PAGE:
Effect of Zelus longipes againts Diaphorina citri and its parasitoid Tamarixia radiata under controlled conditions

Monday, November 11, 2013
Exhibit Hall 4 (Austin Convention Center)
Jose Bernardo Navarrete , University of Florida, Homestead, FL
Heather J. McAuslane , University of Florida, Gainesville, FL
Jorge E. Peņa , University of Florida, Homestead, FL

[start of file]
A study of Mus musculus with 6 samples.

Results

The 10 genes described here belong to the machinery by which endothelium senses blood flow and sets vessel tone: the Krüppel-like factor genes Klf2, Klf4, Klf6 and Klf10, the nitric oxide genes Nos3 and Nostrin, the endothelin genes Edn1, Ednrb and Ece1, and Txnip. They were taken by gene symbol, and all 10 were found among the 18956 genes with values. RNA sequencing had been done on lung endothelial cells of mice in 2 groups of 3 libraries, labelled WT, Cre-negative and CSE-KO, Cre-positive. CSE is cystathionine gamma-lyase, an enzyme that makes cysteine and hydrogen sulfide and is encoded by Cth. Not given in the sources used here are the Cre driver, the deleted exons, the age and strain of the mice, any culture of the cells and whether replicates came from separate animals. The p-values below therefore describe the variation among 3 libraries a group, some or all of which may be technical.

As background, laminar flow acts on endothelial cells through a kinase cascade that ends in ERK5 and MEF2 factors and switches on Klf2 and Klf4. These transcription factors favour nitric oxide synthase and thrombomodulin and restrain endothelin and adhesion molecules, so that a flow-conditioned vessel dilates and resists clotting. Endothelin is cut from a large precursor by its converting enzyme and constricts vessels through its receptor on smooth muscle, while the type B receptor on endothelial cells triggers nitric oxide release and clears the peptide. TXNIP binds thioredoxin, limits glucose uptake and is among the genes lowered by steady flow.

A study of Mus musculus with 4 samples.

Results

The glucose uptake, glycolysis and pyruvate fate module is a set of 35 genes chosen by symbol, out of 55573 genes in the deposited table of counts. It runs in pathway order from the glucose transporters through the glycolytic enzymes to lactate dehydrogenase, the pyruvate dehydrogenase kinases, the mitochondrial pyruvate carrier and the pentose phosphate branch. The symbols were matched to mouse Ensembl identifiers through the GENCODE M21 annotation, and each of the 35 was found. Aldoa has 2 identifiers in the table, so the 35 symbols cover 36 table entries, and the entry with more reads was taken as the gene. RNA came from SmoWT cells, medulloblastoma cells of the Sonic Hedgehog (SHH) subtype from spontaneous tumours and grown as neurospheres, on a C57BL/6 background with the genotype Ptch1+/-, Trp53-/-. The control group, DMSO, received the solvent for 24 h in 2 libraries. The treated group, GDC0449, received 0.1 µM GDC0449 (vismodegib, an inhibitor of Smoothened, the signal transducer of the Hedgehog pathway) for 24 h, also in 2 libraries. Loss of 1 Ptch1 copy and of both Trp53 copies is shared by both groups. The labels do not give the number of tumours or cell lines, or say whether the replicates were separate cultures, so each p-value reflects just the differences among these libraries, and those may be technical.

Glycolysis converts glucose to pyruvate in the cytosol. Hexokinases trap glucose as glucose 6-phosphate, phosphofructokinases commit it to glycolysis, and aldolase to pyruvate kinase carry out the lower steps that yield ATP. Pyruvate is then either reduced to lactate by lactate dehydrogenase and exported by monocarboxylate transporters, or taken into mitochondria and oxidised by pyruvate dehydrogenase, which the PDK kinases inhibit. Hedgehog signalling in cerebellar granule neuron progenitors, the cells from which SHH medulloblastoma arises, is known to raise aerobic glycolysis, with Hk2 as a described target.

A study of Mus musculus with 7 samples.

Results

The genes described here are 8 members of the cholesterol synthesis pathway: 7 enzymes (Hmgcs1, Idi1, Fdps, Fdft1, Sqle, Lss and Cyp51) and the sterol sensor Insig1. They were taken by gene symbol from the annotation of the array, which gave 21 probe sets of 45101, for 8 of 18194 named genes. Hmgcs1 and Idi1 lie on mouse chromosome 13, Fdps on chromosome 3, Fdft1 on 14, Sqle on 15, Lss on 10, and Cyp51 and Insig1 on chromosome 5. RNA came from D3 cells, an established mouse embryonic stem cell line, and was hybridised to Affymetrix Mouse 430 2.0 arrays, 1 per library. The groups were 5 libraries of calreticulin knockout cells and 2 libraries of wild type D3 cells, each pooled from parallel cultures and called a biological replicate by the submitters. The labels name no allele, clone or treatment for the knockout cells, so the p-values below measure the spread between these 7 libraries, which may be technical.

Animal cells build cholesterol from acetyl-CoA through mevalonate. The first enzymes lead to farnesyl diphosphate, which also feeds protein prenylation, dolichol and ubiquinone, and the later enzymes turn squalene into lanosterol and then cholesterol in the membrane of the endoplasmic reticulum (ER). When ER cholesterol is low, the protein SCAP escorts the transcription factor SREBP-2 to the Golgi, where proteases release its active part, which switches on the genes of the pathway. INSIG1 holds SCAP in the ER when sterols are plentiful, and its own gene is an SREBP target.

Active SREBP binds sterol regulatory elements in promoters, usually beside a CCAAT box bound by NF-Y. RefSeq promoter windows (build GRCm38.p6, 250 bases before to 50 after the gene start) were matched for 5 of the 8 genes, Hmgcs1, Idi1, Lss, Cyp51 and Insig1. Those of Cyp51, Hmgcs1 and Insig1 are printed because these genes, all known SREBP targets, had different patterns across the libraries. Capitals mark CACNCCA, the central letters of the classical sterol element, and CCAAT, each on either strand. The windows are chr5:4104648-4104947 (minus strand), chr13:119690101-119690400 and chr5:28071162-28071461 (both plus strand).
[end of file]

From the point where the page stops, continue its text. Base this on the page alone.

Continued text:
The Asian Citrus Psyllid  Diaphorina citri is an invasive pest that represents a major threat for the american citrus industry.  Nymphs and adults extract the sap of citrus leaves and excrete honeydew, but more importantly, D. citri transmits  the most devastating diseases of citrus trees in the world, the “greening” or “huanglongbing”. One of the more abundant natural enemies of D. citri in South Florida is the reduviid Zelus longipes. This  study focused on the effect of this predator on the populations of D. citri and its parasitoid T. radiata under controlled conditions. Different densities of adults and 1st instar nymphs of Z. longipes were placed in experimental arenas with fixed numbers of D. citri nymphs, adults and T. radiata adults. Adults and nymphs of Z. longipes preyed on adults of D. citri and T. radiata. They also preyed on nymphs of D. citri but at a lower rate. Female Z. longipes adults preying on D. citri showed a Type III functional response. An experiment addressing prey preference showed that 1st instar nymphs of Z. longipes preferred to prey upon T. radiata adults over D. citri adults, while female Z. longipes preferred to prey upon Anastrepha suspensa adults over D. citri adults. With these antecedents, field experiments are needed to find if intraguild predation occurs outdoors and how this relates to reduce the effectiveness of parasitoids.